If leveraged correctly, a big data strategy can offer a competitive advantage. However, there are many obstacles that business executives might encounter along the way.

When implementing a new strategy to bolster your business with big data, mistakes can prevent you from realizing its full potential. Let’s take a closer look at five common blunders business executives should avoid when developing a big data strategy.

1. Handing Off a Data Strategy Project Without Sufficient Sponsorship

In many data projects that fail, the executive effectively says “let’s do data” and then delegates the project to a lower-level person. That won’t work for this type of business transformation opportunity. Successful projects begin with executive sponsorship at their core. As a senior executive, it’s up to you to take ownership of the data strategy at the highest level, so that your team can more easily overcome the barriers and obstacles you encounter.

Data can be the most important asset in a business, but the real competitive advantage lies in the intelligent use of that data: Can we use the data more effectively than anyone else to deliver a breakthrough product or experience? Data can be that transformative, so it is important to treat this initiative—even if it starts in a small corner—as an executive priority, with sponsorship at the CEO level.

2. Being Rigid in Product and Process

Begin your project in a way that is both strategic in vision and agile in execution. Determine how your data strategy and operation will look, and bring that vision to life in a global, organization-wide way.

From an execution perspective, you want be agile. Pick technologies that are open and expandable. For instance, avoid vendor lock-in by going with open source tools. During the project, it is important to foster a culture that encourages failing fast and learning from mistakes. Avoid letting egos drive the project and understand that if your team tries 10 things, eight of them might not work. Get people enrolled in your data project team who can thrive in this sort of DevOps style of work.

3. Placing Boundaries on Your Data Successes

Part of setting up a vision for data success is understanding and planning for how you will integrate new insights into the DNA of your organization. If you deliver a new insight, how do you drive it to the rest of the company? For example, if you derive a systematic insight that is easily integrating into the business logic of an app—such as a customer relationship management (CRM) or call center system—that also requires a culture change to reinforce that insight. Data insights are only effective when they actually move the entire business forward, so it’s important to harness that success and publish it. How does your insight change the technology or the processes that you deploy? This is another reason why it’s critical for the CEO to have an ownership role in a data project: these types of changes won’t take place if the CEO doesn’t own it.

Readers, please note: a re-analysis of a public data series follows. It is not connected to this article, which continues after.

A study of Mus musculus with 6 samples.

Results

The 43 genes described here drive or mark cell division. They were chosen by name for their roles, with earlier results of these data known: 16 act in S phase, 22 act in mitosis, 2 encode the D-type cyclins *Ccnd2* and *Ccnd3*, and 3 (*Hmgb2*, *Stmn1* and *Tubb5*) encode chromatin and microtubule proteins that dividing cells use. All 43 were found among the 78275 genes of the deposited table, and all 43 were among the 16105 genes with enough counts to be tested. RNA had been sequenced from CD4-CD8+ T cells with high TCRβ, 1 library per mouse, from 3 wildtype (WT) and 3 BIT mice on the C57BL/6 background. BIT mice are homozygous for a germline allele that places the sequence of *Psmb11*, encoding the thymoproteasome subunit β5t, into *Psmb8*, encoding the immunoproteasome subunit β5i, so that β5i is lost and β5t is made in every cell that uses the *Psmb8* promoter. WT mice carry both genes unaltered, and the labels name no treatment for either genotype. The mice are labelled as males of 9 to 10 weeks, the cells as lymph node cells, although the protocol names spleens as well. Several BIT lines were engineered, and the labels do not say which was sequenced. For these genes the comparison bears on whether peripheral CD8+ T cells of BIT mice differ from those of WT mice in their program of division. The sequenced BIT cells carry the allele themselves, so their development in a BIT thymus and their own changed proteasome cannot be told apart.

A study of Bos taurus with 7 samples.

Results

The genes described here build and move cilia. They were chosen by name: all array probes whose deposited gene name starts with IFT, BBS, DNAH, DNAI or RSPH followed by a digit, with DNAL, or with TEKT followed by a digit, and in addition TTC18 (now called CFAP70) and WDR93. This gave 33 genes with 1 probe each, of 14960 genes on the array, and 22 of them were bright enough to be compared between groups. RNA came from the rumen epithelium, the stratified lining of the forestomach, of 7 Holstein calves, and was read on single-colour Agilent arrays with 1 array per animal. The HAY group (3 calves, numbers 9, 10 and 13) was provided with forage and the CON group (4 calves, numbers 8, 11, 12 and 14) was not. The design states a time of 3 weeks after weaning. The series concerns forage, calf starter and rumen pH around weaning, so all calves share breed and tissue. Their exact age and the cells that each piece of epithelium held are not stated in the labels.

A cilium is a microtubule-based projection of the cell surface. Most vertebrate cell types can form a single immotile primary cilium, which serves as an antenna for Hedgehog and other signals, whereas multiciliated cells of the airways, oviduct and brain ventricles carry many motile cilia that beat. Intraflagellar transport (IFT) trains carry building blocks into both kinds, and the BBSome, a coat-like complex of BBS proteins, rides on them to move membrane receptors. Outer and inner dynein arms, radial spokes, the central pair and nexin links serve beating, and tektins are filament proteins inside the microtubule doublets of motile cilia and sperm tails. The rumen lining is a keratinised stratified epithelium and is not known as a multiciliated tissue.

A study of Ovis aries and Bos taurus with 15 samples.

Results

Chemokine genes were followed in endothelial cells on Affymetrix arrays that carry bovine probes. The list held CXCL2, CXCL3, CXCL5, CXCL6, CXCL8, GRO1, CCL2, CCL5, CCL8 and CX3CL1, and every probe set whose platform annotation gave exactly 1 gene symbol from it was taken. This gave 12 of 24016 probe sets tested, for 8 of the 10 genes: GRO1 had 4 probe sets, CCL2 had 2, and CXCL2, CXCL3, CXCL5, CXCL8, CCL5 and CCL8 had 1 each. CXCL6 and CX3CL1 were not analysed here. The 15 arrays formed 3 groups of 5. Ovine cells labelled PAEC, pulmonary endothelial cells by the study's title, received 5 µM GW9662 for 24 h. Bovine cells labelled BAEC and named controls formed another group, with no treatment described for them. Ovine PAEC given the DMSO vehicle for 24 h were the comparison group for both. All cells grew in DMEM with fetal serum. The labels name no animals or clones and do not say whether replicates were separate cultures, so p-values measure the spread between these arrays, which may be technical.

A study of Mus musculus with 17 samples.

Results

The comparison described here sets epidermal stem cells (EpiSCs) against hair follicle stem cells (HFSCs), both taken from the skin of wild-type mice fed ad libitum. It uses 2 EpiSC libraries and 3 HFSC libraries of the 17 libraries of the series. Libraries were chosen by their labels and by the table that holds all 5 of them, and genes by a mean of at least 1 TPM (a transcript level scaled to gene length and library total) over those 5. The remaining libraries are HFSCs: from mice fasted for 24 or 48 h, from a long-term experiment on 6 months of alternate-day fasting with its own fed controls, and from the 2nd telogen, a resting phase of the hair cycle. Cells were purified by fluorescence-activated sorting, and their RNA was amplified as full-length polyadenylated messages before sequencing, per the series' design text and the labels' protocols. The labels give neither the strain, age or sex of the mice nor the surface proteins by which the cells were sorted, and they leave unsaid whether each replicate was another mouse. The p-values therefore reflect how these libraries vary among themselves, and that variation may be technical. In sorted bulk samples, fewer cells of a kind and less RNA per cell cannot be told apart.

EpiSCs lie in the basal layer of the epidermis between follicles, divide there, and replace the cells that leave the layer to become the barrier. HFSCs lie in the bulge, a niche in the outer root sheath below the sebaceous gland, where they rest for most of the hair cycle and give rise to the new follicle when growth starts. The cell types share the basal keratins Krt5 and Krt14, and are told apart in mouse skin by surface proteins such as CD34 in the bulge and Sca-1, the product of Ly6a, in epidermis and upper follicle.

4. Making Big Data Mistakes by Trying to Do Too Much

From a technology point of view, people often paint themselves into a corner. Sometimes, by trying to get a project started with a minimal level of resources, they end up with a piece of technology that can’t grow with the project as it develops and matures. After a pilot, the same platform needs to then go to the next level, and then the next level, and so on.

This makes it critically important to have a big enough vision for the architecture you’re going to be deploying right from the start, which often means choosing small technologies that are quickly developed and have open architectures that help you innovate quickly. Don’t get yourself into a situation where you’re waiting on a vendor to speed up before you can turn up the dial.

5. Neglecting Governance and Security at the Start

Governance and security are critically important these days, as privacy concerns become increasingly important. Businesses still tend to begin data projects as pilots, with just a few people working on them, and without governance and security baked in. This is a huge big data mistake.

Get governance, compliance, and security conversations started on day one of the project. Enroll the director of IT, the chief data officer, the attorneys, and whoever needs to sign off on these issues. Decision-makers must carefully choose the right governance strategies, as well as the right governance technology.

Download this study to learn more about big data challenges, architectures, and technology trends among U.S. companies.